Brooklyn’s real estate market continued its ascent in the fourth quarter of 2017, even as the markets in Manhattan and surrounding areas stumbled, according to recent industry reports.
The median sales price in Brooklyn rose to $770,000, up 2.7 percent from a year earlier, the third highest price ever recorded in the borough, according to a report from Douglas Elliman. The record was set in the second quarter of 2017, when the median sales price reached $795,000.
Jonathan J. Miller, president of the appraisal firm Miller Samuel, which prepared the report, said that while price growth has slowed, tight inventory suggests the upward trend will continue. There were 1,711 homes for sale in the fourth quarter, down 23 percent from the previous year, making it the 10th straight quarter of declining inventory.
“Normally, when you go that low, sales taper off,” Frank Percesepe, who oversees Brooklyn sales for the Corcoran Group, said about buyer tendencies. “But they’re buying anything they can get their hands on.”
“It’s really the only market that is doing this,” said Mr. Miller, who noted that Manhattan’s market stalled in the fourth quarter, in part because of concerns over the impending tax overhaul. (Tax talk may have also dampened buyer interest in Brooklyn, but not to the extent seen in other markets, he said.)
The borough of Queens, which had sharp price growth last year, also slowed, with fewer sales and rising supply in the last quarter. The Riverdale area of the Bronx, including Hudson Hill and Spuyten Duyvil, had both fewer sales and lower sales prices.
Not all apartment categories shined in the quarter. Sales of luxury apartments above $3 million dropped almost 21 percent, from 72 to 57, compared to the same period a year ago, Mr. Miller said. And there were 1,184 sales between $500,000 and $1 million, up 11.5 percent from last year.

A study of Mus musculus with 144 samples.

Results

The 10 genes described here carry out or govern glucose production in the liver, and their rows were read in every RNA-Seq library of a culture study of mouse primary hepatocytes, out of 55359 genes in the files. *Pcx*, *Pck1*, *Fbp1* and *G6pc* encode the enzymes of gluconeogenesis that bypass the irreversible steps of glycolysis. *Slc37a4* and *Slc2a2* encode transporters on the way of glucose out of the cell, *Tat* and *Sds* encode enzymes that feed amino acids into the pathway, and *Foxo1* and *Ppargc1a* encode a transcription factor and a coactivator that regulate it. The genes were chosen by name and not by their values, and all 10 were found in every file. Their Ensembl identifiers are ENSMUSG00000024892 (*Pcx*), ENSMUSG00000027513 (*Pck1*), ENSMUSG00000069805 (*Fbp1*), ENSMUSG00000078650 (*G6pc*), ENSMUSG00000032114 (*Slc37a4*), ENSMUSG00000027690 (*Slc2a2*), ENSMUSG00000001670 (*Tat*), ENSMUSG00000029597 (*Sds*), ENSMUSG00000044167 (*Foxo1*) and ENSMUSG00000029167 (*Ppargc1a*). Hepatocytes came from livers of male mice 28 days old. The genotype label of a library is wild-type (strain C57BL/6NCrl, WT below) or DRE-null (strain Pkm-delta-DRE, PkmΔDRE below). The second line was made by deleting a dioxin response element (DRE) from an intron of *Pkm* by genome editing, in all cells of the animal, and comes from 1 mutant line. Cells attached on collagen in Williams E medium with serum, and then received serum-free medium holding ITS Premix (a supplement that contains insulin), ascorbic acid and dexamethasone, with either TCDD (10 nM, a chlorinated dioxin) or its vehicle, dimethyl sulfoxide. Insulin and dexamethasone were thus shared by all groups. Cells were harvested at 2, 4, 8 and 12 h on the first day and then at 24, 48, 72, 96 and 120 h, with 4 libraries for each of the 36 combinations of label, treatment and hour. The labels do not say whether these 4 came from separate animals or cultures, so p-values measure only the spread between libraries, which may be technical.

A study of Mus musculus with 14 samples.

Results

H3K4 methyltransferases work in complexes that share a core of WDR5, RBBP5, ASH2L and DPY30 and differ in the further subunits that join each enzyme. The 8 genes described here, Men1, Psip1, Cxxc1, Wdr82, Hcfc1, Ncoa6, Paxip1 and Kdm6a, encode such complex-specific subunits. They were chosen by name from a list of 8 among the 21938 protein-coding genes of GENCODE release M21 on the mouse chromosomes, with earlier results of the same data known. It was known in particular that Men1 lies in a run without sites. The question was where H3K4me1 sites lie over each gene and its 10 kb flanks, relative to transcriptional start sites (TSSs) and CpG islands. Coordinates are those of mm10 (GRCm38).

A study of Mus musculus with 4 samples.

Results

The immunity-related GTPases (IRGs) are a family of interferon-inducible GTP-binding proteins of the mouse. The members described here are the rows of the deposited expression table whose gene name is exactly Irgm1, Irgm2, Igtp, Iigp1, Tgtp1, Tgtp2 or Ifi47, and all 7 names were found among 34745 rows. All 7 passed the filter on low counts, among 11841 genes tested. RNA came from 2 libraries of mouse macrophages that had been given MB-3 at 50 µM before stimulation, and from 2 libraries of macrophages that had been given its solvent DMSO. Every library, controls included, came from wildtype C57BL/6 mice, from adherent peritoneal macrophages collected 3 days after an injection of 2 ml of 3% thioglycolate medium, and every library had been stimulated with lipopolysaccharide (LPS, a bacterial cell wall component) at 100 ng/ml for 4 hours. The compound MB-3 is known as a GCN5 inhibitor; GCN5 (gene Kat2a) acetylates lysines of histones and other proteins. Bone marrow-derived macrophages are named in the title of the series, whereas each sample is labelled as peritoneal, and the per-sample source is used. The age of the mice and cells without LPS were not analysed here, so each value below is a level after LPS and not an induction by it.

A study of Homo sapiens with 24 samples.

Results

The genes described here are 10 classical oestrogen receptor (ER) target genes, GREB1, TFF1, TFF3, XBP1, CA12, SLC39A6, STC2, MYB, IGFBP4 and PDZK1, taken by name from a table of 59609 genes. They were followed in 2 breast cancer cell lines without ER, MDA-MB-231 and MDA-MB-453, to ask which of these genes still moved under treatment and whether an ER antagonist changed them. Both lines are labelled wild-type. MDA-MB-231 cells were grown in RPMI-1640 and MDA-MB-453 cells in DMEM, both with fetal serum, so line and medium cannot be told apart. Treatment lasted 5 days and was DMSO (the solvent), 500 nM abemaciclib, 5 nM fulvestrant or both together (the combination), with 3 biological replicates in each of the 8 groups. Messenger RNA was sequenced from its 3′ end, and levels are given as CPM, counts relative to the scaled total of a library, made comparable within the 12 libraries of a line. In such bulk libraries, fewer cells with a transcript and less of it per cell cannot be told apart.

Softness at the top of the market in Brooklyn forced a redefinition of luxury living, according to a new report from Corcoran Group. The entry price for luxury apartments, defined as the top 10 percent of the market, fell to $1.38 million, down 14 percent from the same period last year.
The median sales price of new development, which tends to be more expensive, dropped to $932,000, down 10 percent from a year earlier, the Corcoran report said. Part of the reason, Mr. Percesepe said, was that developers moved away from pricier northern neighborhoods, like Dumbo and Brooklyn Heights, to test less expensive markets like Clinton Hill and Prospect Heights.
Neighborhoods in eastern Brooklyn, including Bedford-Stuyvesant, Crown Heights and East New York, saw the most gains, said Garrett Derderian, the director of data and reporting for Stribling & Associates, which also released a new report. The median price in those areas rose to $722,500, up 9 percent from last year.
“Historically, almost everything was under $500,000” in Brooklyn neighborhoods farther from Manhattan, he said. More than half of the borough’s apartments were listed below that price in 2012, he noted, but in the fourth quarter of 2017, just 22 percent of listings fell under that threshold.